Two red pandas were found dead yesterday morning inside their exhibit at the National Zoo and three employees who went inside the animals' enclosure fell ill, according to zoo officials who said they are investigating whether rat poison used at the zoological park may have played a role.
The adult male pandas were found on the ground in their outdoor exhibit at 8:50 a.m. by a zookeeper conducting routine morning checks, officials said. The National Zoo's red pandas -- about the size of large house cats -- are unrelated to the better-known and much larger giant pandas. They were 7 1/2 and 5 1/2 years old and had no record of medical problems. Red pandas often live into their early teens while in the care of zoos.
Zoo spokesman Robert Hoage said a zookeeper and two mammal curators went into the pandas' enclosure at midafternoon yesterday to help remove the pandas and soon began to experience headaches, nausea and diarrhea. The employees were taken to a hospital, where they were examined and released. D.C. crews dealing with hazardous materials later tested the exhibit area for toxic fumes but found nothing, Hoage said.
"We know [the zoo employees] were upset by the events, but we don't know if their symptoms were related to the [animals'] deaths," Hoage said.
Officials said they were investigating whether a new rat control method being used at the zoo -- using poisonous pellets buried deep in the ground -- could have contributed to the animals' deaths. Hoage said the rat bait is used under "tightly controlled" conditions, but the possibility of poisoning exists and authorities were looking into it.
The developments followed several recent deaths among the zoo's older animals, including a lion, a white tiger, two adult giraffes and a seal. On Friday, zoo officials said the lion died from complications from anesthesia administered during a medical exam. The tiger was euthanized because of age-related osteoarthritis. The giraffes suffered from digestive problems, and the seal died of heart disease.
A preliminary necropsy was conducted on the red pandas yesterday. A final cause of death will not be known for several weeks, Hoage said.
The zoo was holding the red pandas in nonbreeding status for its species survival program. The zoo has two other red pandas at its conservation center in Front Royal, Va.
The deaths came a day after officials revealed that the lion died from complications of anesthesia administered in October so that veterinarians could diagnose the cause of his lameness.
The 14-year-old lion, Tana, was glassy-eyed and dopey from the anesthetic when keepers left the zoo at 6:30 p.m. Oct. 10, but he appeared to be recovering normally, according to a report by zoo pathologist Richard J. Montali. The 461-pound animal had been given a drug to reverse the anesthesia's effects. A keeper found him dead the next morning. In zoos, lions can live as long as 25 years.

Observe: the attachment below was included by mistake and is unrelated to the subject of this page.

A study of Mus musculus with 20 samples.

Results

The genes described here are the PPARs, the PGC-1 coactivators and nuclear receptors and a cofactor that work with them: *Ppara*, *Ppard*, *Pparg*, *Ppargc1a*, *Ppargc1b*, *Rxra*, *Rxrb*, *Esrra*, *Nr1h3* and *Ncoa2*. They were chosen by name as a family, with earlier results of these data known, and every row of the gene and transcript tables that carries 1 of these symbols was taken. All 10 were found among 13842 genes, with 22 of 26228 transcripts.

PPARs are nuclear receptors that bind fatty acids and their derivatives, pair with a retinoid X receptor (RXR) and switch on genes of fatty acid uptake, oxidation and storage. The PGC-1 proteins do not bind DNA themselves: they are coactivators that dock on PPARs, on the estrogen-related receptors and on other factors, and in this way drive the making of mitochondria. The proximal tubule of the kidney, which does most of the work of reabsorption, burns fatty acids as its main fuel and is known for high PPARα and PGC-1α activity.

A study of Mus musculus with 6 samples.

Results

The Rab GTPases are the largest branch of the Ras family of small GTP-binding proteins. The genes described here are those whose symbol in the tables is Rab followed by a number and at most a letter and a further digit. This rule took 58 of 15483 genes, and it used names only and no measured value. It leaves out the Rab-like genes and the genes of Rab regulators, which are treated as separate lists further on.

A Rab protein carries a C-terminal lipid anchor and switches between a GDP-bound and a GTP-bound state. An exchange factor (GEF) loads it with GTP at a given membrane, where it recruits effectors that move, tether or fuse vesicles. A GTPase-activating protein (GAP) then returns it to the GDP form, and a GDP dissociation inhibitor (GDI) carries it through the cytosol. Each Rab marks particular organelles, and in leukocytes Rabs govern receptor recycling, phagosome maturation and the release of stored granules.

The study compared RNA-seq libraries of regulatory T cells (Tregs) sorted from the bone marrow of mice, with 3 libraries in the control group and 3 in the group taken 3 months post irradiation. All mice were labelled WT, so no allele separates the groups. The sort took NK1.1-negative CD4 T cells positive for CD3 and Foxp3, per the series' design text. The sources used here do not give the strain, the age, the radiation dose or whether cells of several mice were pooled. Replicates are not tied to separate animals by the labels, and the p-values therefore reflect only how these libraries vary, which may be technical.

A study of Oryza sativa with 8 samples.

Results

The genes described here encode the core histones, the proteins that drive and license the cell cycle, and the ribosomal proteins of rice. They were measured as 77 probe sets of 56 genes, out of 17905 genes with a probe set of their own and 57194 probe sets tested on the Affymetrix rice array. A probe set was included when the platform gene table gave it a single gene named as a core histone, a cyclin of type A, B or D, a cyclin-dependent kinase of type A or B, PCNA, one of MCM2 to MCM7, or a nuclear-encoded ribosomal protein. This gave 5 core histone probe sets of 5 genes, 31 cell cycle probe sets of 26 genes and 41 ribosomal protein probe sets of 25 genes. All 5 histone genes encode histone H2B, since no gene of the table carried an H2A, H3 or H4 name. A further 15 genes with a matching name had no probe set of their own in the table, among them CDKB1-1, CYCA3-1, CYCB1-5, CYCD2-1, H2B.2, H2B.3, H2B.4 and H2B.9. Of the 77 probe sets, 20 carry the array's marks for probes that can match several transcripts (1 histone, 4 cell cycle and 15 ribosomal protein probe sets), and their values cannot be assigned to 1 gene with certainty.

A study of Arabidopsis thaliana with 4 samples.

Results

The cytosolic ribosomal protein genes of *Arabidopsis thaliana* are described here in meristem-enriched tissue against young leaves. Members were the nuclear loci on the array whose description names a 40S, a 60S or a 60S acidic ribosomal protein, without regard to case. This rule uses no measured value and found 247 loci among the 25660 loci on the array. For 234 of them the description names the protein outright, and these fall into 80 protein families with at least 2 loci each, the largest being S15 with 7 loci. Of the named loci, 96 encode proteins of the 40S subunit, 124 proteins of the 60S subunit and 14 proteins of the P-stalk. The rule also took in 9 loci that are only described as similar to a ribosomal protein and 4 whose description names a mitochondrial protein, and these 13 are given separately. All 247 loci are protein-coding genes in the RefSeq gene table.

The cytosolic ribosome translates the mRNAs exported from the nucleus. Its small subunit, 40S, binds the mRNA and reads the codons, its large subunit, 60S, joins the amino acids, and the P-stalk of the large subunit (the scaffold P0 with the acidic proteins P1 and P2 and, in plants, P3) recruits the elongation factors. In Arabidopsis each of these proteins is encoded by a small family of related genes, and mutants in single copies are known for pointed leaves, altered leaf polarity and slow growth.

Montali's report said the cause of death was fluid buildup in the lungs associated with the anesthesia. A pool of frothy, bloody fluid was found near the lion's carcass. The lion, who was late middle-aged for a captive animal, was in good condition otherwise. Neither the physical exam nor the necropsy discovered the cause of his lameness.
Montali said Friday that some anesthesia remained in the lion's system and was likely reactivated, making him drowsy. "Then his airway got into trouble -- how, we don't know," he said. His report said the lion's kidneys had significant levels of the sedative xylazine 18 hours after it was administered.
The zoo's chief veterinarian, Suzan Murray, administered the anesthesia, with her predecessor, zoo Director Lucy H. Spelman, and another veterinarian standing by. Murray said she is puzzled and frustrated because the zoo's investigation has not discovered what aspect of the anesthesia procedure led to Tana's death.
She said that the anesthetic is by far the safest for big cats and that she has no plans to change it. Nor will she recommend any change in protocol -- such as checking animals throughout the night after anesthesia -- until she is confident that it would have prevented the death.
"If I had a sense of what went wrong, I'd have a better idea of what to recommend," Murray said. "Hopefully, we will find out how and when, but we don't always."
Murray and other zoo officials said they anesthetize animals only when they must because it is inherently risky. Murray said she was checking with other animal care facilities to see whether they have had similar problems. But she pointed out that Tana had previously been anesthetized six times without problems. The procedure has been carried out successfully on other zoo lions and tigers.
Zoo officials also released reports Friday about the September death of an elderly gray seal and the October death of an 18-year-old white tiger. The 23-year-old seal, Keltie, died of heart disease, but West Nile virus was a contributing factor. The tiger, Taj, was euthanized because he could barely move and was in great pain. The animal's necropsy confirmed severe osteoarthritis.